This is what happens when a bear and a rabbit compete for the spotlight at Colonel Korny’s…
Bruno the magnificent Slobokian Acrobatic Bear is the star of Colonel Korny’s World Famous Circus. The Colonel is satisfied with his current slate of performing animals, but when he receives a phone call about the world’s only acrobatic rabbit Korny can’t resist and adds him to the act – to share the spotlight with Bruno. The problem is that NO ONE SHARES THE SPOTLIGHT WITH BRUNO!
Bruno has his mind set on getting rid of the rabbit from the moment the two are introduced under the big top. Oh, did I mention the rabbit is Bugs Bunny?
Bruno has it all planned. He puts an anvil high above so that when Bugs is propelled off the see saw he hits his head. Moments later Bruno fails to catch Bugs during the trapeze act. It only took the first stunt for Bugs Bunny to get the upper hand though. He is ready with springs to catch his fall and soon gets a bit of his own back. Poor, conceited Bruno doesn’t know what hits him – over and over again.
Before you know it Bugs accuses Bruno of spoiling the act because he’s too clumsy. The rabbit has his sights on a solo act. When Bruno’s ego is dented Bugs turns on his mental prowess and before you know it Bruno is shot out of a canon and out of the tent. The rabbit is solo! The End.
Big Top Bunny was directed by Robert McKimson who’d had the distinction of directing What’s Up Doc? the year before to celebrate Bugs Bunny’s 10th birthday. That cartoon is a hoot, by the way, as you see Bugs recount his life story to a reporter from “Disassociated Press.” McKimson also happened to direct Bugs Bunny in another big top adventure in 1946. That outing, Acrobatty Bunny pits Bugs against Nero the Lion after the circus is set up just above Bugs’ rabbit hole. The action in that cartoon ends up under the big top where Bugs exhibits some nifty acrobatics. I’m guessing that experience is what led Bugs to choose the circus as a career, which then took him to Colonel Korny’s Circus and Bruno the Bear.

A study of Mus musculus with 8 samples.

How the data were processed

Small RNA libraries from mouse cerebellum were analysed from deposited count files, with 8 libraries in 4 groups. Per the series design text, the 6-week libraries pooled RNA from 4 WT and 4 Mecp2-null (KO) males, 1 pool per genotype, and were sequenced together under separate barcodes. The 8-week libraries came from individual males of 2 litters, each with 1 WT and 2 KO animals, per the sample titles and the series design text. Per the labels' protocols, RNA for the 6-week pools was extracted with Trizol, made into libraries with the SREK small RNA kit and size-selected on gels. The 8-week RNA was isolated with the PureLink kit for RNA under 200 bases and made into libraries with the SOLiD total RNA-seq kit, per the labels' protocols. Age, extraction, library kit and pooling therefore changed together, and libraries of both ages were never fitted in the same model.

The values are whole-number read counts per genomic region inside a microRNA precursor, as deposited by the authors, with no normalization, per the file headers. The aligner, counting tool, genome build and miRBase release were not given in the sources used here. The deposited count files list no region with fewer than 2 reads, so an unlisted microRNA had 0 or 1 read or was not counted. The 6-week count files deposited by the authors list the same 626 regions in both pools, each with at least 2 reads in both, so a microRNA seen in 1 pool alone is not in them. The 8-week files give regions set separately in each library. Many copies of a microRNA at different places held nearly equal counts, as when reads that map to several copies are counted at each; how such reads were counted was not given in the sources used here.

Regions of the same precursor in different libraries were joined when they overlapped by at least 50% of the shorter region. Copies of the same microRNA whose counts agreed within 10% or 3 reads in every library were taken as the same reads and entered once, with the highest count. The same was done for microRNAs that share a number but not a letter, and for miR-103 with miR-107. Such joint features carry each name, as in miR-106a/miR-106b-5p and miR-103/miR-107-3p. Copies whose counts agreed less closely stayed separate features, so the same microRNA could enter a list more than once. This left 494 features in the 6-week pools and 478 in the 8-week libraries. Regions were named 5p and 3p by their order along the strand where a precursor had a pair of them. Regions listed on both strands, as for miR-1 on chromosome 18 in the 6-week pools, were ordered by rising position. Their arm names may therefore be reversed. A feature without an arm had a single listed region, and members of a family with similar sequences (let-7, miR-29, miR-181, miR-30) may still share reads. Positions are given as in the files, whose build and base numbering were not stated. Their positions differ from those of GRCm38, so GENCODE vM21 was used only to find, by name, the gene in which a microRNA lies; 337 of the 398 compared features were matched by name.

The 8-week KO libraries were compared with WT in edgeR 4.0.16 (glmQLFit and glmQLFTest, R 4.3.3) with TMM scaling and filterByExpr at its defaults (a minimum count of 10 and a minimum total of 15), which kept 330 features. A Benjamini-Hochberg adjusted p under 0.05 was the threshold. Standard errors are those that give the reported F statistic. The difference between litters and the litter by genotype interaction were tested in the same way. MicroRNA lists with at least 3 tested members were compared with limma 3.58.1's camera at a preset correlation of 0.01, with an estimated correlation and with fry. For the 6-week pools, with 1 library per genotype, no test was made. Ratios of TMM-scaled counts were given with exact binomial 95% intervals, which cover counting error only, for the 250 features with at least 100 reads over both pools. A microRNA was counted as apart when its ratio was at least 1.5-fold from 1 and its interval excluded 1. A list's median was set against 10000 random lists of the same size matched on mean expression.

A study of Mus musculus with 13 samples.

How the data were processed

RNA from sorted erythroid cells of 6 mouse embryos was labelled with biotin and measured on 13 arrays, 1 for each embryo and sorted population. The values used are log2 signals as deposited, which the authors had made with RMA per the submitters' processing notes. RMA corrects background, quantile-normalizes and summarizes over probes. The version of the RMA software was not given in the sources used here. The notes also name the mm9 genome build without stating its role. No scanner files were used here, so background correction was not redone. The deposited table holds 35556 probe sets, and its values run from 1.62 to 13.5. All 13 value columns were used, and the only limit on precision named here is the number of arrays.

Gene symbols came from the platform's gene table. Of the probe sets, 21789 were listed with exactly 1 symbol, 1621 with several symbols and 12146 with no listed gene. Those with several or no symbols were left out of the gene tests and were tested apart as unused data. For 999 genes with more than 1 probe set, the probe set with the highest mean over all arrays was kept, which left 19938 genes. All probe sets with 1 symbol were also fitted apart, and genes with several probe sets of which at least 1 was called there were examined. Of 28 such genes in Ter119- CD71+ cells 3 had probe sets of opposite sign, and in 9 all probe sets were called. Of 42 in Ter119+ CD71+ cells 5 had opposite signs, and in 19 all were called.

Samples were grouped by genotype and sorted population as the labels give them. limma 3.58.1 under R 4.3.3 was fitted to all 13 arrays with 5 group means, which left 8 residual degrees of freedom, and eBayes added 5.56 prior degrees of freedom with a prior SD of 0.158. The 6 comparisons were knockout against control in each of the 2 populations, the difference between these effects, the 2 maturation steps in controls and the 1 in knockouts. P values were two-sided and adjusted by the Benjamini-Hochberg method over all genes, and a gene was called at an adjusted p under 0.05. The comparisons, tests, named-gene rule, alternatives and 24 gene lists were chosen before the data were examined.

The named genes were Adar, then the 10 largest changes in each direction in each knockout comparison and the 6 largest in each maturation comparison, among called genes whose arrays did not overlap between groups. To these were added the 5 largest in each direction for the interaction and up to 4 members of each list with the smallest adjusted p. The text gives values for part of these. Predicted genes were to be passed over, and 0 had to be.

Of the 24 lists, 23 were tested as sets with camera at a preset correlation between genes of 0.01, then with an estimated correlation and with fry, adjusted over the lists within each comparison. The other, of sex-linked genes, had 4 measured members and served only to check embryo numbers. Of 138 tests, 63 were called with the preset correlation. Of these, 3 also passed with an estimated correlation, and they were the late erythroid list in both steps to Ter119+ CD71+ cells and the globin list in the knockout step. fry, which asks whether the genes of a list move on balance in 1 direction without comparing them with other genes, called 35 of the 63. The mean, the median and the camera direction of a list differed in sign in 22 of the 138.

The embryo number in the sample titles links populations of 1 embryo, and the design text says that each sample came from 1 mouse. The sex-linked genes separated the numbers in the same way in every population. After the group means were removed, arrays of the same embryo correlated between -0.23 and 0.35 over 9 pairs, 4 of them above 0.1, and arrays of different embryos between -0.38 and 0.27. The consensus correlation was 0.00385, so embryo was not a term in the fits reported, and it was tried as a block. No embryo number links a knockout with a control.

Special shout outs must go to the great Melvin Jerome “Mel” Blanc who voiced all three characters in Big Top Bunny – Bugs Bunny, Bruno the Bear and Colonel Korny. The animators for the cartoon were Charles McKimson, Rod Scribner, Phil DeLara and Bob Wickersham with a story by Tedd (Ted) Pierce.
I chose Big Top Bunny as my entry for the At the Circus Blogathon hosted by Critica Retro and Serendipitous Anachronisms not because it’s a standout, but because it’s comfort food. We get nothing new on the Bugs Bunny front in Big Top Bunny. Bugs is his usual, smart-alecky self. He still impresses though with his under-the-tent talents and comedic timing. For standard cartoon slapstick fun, which the folks at Warner Bros. for Merrie Melodies/Looney Tunes did better than anybody, Big Top Bunny is a brisk 7+ minutes worth watching.
Be sure to visit the At the Circus blogathon. There are lots of great big top adventures featured.